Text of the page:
1942, apparently first attested in the Walt Disney movie "Bambi" (there also was a song by that name but it was not in the studio release of the film), a past-participle adjective formed from twitter in the "tremulous excitement" noun sense (1670s) + pate (n.2) "head" (compare flutterpated, 1894).
Thumper: Why are they acting that way?
Friend Owl: Why, don't you know? They're twitterpated.
Flower, Bambi, Thumper: Twitterpated?
Friend Owl: Yes. Nearly everybody gets twitterpated in the springtime. For example: You're walking along, minding your own business. You're looking neither to the left, nor to the right, when all of a sudden you run smack into a pretty face. Woo-woo! You begin to get weak in the knees. Your head's in a whirl. And then you feel light as a feather, and before you know it, you're walking on air. And then you know what? You're knocked for a loop, and you completely lose your head!
Thumper: Gosh, that's awful.
"of or pertaining to marriage or the wedding ceremony," late 15c., from French nuptial, or directly from Latin nuptialis "pertaining to marriage," from nuptiae "a wedding," from nupta, fem. past participle of nubere "to marry, get married, wed, take as a husband," which is of uncertain origin. Perhaps it is from a PIE root *sneubh- "to marry, wed" (source also of Old Church Slavonic snubiti "to love, woo," Czech snoubiti "to seek in marriage," Slovak zasnubit "to betroth"). De Vaan finds the old theory that the verb nubere is literally "to cover, veil oneself" (as a bride) semantically attractive but unproven (compare Latin obnubere "to veil, cover the head," from nubes "cloud"). Related: Nuptially.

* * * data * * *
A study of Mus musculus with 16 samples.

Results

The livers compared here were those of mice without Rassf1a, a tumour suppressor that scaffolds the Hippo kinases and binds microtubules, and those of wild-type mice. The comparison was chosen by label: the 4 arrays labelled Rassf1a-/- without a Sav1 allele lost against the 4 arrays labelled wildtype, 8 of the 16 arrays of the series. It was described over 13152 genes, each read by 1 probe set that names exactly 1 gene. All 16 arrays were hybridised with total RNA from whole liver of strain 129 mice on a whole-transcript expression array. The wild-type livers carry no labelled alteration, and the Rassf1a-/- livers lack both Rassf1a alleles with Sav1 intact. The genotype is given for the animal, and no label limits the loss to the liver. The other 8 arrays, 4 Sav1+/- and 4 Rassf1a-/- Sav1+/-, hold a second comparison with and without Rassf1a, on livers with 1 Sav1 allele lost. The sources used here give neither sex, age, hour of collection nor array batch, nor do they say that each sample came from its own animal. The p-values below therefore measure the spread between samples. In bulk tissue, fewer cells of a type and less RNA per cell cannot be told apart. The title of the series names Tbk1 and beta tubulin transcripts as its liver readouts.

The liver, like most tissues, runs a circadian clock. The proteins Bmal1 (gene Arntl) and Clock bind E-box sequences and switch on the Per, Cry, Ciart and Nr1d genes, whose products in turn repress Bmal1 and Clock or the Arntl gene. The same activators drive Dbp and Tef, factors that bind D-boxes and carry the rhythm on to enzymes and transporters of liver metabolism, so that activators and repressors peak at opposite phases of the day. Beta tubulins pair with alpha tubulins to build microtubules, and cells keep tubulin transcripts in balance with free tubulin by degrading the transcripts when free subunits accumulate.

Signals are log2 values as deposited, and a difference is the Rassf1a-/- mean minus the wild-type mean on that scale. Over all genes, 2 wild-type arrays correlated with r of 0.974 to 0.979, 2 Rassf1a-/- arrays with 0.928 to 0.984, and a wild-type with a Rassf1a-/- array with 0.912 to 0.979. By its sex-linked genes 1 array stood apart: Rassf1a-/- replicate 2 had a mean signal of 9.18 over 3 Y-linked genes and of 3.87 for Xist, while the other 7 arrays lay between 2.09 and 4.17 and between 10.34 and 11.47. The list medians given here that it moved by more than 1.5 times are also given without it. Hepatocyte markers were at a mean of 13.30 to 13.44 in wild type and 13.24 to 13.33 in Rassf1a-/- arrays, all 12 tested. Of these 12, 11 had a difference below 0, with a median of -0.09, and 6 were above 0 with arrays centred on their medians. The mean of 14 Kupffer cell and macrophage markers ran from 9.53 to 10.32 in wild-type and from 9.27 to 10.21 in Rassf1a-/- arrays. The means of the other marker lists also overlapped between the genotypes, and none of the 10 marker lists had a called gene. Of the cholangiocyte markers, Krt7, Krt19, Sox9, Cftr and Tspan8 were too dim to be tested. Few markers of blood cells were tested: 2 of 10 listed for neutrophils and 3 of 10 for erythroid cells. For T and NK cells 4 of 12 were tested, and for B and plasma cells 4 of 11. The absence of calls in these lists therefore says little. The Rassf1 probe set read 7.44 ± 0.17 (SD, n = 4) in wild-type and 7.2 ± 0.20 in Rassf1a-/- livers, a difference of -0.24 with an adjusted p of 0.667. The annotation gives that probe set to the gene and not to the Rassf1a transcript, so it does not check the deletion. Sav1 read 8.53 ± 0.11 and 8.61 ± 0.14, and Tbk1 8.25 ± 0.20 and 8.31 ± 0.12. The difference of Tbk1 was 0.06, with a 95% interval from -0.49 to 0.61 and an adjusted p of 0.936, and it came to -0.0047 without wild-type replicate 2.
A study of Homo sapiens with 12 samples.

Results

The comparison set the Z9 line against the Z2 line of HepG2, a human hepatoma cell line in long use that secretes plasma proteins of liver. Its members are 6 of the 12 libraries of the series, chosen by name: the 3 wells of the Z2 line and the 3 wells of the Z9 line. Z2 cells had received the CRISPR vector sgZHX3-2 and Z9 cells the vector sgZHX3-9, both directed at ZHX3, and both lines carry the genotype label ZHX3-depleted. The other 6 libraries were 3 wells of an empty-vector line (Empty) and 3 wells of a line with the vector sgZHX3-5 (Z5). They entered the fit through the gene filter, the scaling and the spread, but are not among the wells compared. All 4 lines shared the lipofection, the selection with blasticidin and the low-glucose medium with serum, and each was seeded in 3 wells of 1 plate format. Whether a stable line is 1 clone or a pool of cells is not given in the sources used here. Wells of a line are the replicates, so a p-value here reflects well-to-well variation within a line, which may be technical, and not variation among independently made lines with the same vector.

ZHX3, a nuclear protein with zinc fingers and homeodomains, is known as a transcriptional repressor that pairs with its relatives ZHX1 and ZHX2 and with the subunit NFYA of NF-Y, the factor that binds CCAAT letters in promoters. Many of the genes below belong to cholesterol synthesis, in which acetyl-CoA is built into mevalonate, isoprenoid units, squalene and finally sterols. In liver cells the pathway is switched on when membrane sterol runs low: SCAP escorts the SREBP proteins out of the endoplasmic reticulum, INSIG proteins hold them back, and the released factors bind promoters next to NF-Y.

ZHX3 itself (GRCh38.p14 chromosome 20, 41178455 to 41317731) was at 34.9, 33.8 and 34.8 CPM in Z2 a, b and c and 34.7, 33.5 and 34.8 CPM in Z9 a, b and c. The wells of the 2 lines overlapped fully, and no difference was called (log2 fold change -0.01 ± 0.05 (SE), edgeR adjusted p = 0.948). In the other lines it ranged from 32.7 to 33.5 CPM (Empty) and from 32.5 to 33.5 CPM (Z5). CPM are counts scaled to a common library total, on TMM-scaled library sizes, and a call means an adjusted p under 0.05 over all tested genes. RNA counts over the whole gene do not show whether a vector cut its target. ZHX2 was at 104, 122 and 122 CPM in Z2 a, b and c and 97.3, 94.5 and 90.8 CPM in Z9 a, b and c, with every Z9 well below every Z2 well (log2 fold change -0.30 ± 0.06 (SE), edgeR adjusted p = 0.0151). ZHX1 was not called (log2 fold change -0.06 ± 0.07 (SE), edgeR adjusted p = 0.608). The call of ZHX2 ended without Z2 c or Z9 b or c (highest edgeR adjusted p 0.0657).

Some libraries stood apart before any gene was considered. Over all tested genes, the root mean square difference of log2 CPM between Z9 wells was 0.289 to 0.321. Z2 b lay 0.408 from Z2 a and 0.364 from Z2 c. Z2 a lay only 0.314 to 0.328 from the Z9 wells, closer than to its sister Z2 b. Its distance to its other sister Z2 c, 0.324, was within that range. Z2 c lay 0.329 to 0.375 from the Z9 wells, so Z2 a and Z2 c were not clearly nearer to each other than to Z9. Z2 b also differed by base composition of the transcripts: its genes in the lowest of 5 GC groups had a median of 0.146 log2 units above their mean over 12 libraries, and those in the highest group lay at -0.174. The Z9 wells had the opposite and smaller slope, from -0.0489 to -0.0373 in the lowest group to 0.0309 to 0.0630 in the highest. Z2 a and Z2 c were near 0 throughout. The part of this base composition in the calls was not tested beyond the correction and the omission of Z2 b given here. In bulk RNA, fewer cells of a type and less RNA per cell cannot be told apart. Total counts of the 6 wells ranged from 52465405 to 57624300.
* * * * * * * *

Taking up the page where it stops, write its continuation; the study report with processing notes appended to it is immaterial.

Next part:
Nuptial number, a number obscurely described at the beginning of the eighth book of the "Republic" of Plato, and said to preside over the generation of men. The number meant may be 864. [Century Dictionary]
late Old English hwearf "shore, bank where ships can tie up," earlier "dam, embankment," from Proto-Germanic *hwarfaz (source also of Middle Low German werf "mole, dam, wharf," German Werft "shipyard, dockyard"); related to Old English hwearfian "to turn," perhaps in a sense implying "busy activity," from PIE root *kwerp- "to turn, revolve" (source also of Old Norse hverfa "to turn round," German werben "to enlist, solicit, court, woo," Gothic hvairban "to wander," Greek karpos "wrist," Sanskrit surpam "winnowing fan"). Wharf rat is from 1812 as "type of rat common on ships and docks;" extended sense "person who hangs around docks" is recorded from 1836.
also matchwood, 1590s, "wood used to start a fire;" 1838, "wood which has been split to proper size for matches," from match (n.1) + wood (n.). From the latter sense it has been used as a figure of speech for wood which has been broken or splintered into very small pieces. Also in this sense is matchsticks (1791).